By Philip Ang


I refer to CNA article “Public, private sector organisations welcome free pre-peak travel trial”. (16 Apr)

The Association of Banks says “many companies in the financial industry already offer staggered work timings”.  The LTA scheme therefore will not have any effect on the financial industry besides giving away taxpayers’ money.

Its chairman, Piyush Gupta, said “such arrangements could translate into greater employee engagement and productivity in the workplace”.  Huh??  Does the ABS need LTA to dish out $10 million of taxpayers’ money for greater employee engagement and increased productivity?

Mr Tan Hoe Soon, a Public Service Division director, said more officers are expected to opt to start work earlier with the LTA trial.  As the largest employer in Singapore, shouldn’t the civil service take the lead in offering staggered working hours instead of doing so only after a scheme has been implemented by a statutory board?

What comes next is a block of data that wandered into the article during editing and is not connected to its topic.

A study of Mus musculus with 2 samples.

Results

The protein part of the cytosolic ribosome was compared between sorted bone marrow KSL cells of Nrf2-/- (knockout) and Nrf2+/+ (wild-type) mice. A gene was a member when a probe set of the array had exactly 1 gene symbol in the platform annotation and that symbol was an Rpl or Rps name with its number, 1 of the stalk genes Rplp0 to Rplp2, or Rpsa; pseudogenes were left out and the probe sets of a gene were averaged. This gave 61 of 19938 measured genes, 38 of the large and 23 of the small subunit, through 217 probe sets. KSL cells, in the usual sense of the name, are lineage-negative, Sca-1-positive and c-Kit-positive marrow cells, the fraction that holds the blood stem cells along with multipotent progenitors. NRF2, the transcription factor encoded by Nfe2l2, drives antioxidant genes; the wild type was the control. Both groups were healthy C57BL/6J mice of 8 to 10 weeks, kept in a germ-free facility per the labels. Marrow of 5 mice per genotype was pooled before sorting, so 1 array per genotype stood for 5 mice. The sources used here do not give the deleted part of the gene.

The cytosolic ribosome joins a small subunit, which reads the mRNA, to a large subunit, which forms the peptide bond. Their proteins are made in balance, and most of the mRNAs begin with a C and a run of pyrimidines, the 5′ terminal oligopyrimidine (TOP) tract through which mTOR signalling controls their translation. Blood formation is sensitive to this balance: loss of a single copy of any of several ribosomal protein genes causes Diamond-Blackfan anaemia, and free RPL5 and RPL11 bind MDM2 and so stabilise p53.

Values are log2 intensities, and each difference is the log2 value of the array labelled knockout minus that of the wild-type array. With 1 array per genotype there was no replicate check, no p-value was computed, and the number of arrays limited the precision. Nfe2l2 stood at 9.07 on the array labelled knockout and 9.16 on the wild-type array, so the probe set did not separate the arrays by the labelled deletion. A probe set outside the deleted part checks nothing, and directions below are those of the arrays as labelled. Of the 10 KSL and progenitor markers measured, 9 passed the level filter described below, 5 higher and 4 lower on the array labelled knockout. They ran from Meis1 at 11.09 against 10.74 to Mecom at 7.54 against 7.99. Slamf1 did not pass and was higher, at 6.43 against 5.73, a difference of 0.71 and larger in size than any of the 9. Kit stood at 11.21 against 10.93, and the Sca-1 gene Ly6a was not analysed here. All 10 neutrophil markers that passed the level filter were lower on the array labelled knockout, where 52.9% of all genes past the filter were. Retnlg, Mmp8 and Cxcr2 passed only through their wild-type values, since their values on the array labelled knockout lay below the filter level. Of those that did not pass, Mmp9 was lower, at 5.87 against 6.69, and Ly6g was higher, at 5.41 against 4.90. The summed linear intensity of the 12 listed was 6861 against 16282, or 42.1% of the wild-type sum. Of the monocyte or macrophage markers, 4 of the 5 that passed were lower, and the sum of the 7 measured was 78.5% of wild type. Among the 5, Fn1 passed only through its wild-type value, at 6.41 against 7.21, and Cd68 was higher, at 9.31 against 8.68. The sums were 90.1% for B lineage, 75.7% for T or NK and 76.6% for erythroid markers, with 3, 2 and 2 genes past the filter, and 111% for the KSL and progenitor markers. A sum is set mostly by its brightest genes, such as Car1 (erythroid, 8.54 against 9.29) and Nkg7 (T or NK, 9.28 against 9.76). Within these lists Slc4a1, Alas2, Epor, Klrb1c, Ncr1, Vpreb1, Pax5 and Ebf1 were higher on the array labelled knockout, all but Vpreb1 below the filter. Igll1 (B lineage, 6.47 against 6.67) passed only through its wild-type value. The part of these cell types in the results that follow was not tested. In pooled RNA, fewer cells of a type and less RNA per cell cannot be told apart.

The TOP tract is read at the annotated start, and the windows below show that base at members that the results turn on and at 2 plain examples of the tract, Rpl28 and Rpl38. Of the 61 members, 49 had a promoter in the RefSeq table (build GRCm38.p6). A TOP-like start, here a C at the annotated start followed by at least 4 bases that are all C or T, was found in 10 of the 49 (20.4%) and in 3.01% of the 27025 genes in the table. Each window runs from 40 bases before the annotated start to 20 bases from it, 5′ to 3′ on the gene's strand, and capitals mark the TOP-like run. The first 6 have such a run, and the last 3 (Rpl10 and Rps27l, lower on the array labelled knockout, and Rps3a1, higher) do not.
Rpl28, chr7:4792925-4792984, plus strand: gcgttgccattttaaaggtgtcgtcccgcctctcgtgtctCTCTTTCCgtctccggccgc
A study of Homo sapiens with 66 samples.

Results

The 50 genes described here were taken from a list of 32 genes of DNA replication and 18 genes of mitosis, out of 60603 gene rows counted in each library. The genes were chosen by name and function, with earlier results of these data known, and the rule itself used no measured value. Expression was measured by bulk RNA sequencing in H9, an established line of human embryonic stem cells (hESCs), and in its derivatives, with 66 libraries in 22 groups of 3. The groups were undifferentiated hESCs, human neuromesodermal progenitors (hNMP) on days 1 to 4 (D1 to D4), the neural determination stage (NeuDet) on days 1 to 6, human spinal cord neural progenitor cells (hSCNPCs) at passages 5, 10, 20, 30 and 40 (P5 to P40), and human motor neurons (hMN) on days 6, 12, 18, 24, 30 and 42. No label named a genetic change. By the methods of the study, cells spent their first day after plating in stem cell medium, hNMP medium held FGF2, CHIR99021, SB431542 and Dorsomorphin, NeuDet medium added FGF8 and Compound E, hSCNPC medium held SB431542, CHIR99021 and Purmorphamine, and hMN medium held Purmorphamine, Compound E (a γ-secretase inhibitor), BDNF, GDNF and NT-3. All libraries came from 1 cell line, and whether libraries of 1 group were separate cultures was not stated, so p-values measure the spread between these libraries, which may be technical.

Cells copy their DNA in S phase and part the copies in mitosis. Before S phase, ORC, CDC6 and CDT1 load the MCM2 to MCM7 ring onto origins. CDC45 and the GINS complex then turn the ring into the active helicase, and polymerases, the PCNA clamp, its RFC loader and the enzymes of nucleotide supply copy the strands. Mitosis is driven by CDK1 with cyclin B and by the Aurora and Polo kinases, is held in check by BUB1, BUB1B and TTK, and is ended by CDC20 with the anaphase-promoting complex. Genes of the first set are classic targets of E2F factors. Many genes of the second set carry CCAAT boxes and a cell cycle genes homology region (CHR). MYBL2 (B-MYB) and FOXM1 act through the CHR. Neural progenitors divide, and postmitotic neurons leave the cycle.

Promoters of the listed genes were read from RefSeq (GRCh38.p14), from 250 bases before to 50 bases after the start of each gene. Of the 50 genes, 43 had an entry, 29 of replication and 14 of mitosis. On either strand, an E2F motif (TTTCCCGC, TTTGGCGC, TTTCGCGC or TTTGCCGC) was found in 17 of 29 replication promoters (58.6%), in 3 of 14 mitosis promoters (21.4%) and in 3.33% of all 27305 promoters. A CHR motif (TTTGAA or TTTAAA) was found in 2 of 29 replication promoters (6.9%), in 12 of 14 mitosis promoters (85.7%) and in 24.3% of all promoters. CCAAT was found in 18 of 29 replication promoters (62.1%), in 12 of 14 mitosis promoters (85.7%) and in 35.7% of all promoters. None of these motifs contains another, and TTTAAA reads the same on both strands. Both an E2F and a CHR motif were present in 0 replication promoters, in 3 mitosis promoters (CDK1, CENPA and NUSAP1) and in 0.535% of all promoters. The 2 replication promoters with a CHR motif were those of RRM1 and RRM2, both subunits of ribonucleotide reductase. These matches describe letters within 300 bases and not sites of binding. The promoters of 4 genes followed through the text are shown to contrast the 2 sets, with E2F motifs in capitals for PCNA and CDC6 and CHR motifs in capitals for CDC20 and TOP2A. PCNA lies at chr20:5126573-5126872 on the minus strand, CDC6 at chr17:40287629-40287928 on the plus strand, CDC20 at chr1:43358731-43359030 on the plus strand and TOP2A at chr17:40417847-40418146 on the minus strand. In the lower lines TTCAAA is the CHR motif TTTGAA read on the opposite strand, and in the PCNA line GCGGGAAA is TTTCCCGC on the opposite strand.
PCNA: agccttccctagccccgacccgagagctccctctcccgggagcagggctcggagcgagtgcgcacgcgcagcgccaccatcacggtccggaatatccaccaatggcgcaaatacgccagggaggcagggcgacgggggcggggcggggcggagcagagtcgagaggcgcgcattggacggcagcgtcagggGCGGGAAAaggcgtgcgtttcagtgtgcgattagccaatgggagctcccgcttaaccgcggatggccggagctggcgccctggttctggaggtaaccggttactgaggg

Analysts who have said that “a shift in travel demand of up to 20 per cent could be a stretched target” will also be proven wrong with a high participation rate by the civil service.  I would suggest Mr Peter Ong, head of civil service, be exemplary to civil servants.

Transport GPC chairman Cedric Foo says “it makes sense to deploy the scheme permanently until new capacity meets demand” if things started looking up.  The $10 million dollar question – will capacity ever meet demand with the PAP’s target population of 6.9 million?  Assuming that (a very big) IF it works, isn’t it taking one step forward, two steps back with a simultaneous huge increase in the population even before fixing transportation issues?

How many more ‘ten millions’ of taxpayers’ money will the government need?  How much of this money actually go to foreigners, intended or otherwise?  Will bus commuters switch to ‘free travel’ on trains since the scheme is not applicable to buses, transferring congestion to trains?

Just like the White Paper on Population, questions abound in such a trial and ‘proper’ feedback prior to implementation appears to be absent.

The PAP needs to have guys on the ground and interact with the man in the street to have a better understanding before implementing million-dollar schemes.